Lockheed hit with massive lawsuit

By By Suzanne Monk / managing editor
July 3, 2004
A much-anticipated lawsuit against Lockheed Martin was filed Friday in U.S. District Court in Jackson just days shy of the one-year anniversary of a shooting rampage at the aeronautical manufacturer's Lauderdale County plant.
When it was over, seven people were dead, including shooter Doug Williams, and eight had been injured.
Stories about Williams' alleged animosity toward black co-workers surfaced quickly. For the record, five of the six people Williams killed were black. Of the eight he wounded, five were white and three were black.
The 44 plaintiffs named in the federal lawsuit are represented by Meridian attorney Bill Ready Sr.
They fall into several categories: surviving relatives of Lockheed employees who were killed; Lockheed employees who were present, injured and/or witnesses to the deaths of co-workers; employees who were not present in the plant, but say they have suffered emotional distress; and wives of Lockheed employees who feel powerless to ease their husbands' suffering.
The plaintiffs' allegations
The plaintiffs claim that Lockheed managers failed to protect their employees, but their complaint alleges more than simple negligence.
Lockheed had every reason to expect Williams to become violent, they say, because he often talked about shooting co-workers especially black co-workers. The lawsuit claims that Williams had been abusive, threatening and insulting over a long period of time.
Affidavits attached to the lawsuit say Lockheed workers were not surprised when Williams snapped; they had been waiting for it.
The plaintiffs also fault Lockheed managers for what they failed to do on July 8, 2003, as Williams walked through the plant shooting. It took time, they say, time that should have been used to stop him.
Moreover, the people who filed the lawsuit say violence was nothing new at Lockheed.
Over the years, there had been fistfights and at least one knifing, and cars had been burglarized in the parking lot. And, through it all, the plaintiffs claim, Lockheed remained unresponsive. Several plaintiffs go so far as to claim Lockheed managers were themselves racists and tacitly supported Williams' unacceptable behavior.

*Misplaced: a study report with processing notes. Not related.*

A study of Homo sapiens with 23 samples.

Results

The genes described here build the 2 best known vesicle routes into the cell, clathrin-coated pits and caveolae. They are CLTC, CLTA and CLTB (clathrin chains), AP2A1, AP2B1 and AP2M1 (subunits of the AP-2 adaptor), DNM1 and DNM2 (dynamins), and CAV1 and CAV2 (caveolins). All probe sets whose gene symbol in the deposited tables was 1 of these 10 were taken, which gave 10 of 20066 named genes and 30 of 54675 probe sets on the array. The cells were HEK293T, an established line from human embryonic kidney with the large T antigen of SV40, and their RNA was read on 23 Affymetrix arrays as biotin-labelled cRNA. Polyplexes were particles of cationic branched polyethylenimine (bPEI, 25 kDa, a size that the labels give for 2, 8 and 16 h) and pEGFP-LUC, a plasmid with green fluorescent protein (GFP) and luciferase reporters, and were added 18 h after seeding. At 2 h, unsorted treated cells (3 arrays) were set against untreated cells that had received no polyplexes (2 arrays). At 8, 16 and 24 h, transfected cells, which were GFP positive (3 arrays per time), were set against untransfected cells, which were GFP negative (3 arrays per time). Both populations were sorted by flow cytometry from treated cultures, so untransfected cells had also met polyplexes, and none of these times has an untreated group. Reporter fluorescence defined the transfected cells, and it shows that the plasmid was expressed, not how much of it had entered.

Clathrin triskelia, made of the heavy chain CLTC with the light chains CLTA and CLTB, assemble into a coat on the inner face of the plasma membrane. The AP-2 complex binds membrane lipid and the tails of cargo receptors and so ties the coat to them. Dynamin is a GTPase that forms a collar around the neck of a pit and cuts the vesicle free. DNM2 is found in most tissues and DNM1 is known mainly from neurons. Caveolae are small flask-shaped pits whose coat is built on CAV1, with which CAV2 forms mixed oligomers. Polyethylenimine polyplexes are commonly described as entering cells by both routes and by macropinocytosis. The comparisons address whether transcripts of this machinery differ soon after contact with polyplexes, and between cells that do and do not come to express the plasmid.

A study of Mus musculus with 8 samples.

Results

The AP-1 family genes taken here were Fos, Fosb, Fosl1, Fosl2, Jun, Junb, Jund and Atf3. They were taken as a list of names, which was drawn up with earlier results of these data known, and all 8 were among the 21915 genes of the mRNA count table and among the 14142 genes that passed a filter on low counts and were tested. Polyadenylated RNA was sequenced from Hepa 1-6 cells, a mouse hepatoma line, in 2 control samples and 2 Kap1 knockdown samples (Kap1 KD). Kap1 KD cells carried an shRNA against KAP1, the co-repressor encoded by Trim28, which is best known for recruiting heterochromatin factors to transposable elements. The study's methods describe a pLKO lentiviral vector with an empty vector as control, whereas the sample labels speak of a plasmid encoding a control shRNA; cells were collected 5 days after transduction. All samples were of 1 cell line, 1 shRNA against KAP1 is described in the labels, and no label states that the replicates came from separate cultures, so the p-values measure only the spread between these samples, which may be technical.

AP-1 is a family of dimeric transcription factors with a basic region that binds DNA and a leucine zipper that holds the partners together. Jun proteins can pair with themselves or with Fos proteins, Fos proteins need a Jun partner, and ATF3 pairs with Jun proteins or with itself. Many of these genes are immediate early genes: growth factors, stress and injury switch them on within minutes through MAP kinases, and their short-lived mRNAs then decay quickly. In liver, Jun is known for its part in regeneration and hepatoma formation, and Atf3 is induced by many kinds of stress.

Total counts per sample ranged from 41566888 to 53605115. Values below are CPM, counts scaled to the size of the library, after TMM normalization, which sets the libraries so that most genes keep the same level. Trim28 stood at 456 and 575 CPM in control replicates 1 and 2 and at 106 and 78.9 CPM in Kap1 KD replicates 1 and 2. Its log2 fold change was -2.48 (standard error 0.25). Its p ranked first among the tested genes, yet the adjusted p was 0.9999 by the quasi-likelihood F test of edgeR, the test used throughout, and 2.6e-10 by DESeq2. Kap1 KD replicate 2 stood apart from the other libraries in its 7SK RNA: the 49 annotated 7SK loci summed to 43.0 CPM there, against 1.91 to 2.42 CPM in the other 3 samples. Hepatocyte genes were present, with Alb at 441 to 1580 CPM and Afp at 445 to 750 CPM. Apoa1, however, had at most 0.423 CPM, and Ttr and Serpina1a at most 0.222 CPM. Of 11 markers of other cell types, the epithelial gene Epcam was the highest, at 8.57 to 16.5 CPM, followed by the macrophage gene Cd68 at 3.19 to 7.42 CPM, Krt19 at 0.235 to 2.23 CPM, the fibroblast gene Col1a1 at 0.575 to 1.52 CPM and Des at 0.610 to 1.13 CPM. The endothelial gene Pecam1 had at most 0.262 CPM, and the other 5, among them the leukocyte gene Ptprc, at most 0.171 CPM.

The lawsuit does not ask for a certain amount of money in damages, preferring instead to leave that decision up to a jury.
It is important to remember a lawsuit represents only one side in a legal dispute, and that Lockheed has not had a chance to respond.
Other lawsuits
Ready filed two other lawsuits Friday on behalf of former Lockheed employees.
The first is Shirley Price, who was Williams' girlfriend at the time of the shooting. Her lawsuit repeats the allegations of the first 44 plaintiffs and adds one new one wrongful termination.
Price was fired on July 17.
The second lawsuit was filed on behalf of Billy Eugene Bradley who, like Price, was fired shortly after the shootings.
The background
On July 8, 2003, Lockheed employee Doug Williams left a mandatory ethics awareness training class dealing with anger management, only to return minutes later with guns.
He opened fire and killed five co-workers that day: Mickey Fitzgerald, Sam Cockrell, Lynette McCall, Thomas Willis and Charles Miller. Williams then committed suicide. DeLois Bailey, shot once in the pelvis, died a week later.
Eight people were injured: Brad Bynum, Al Collier, Brenda Dubose, Chuck McReynolds, Henry Odom, Charles Scott, Randy Wright and Steve Cobb.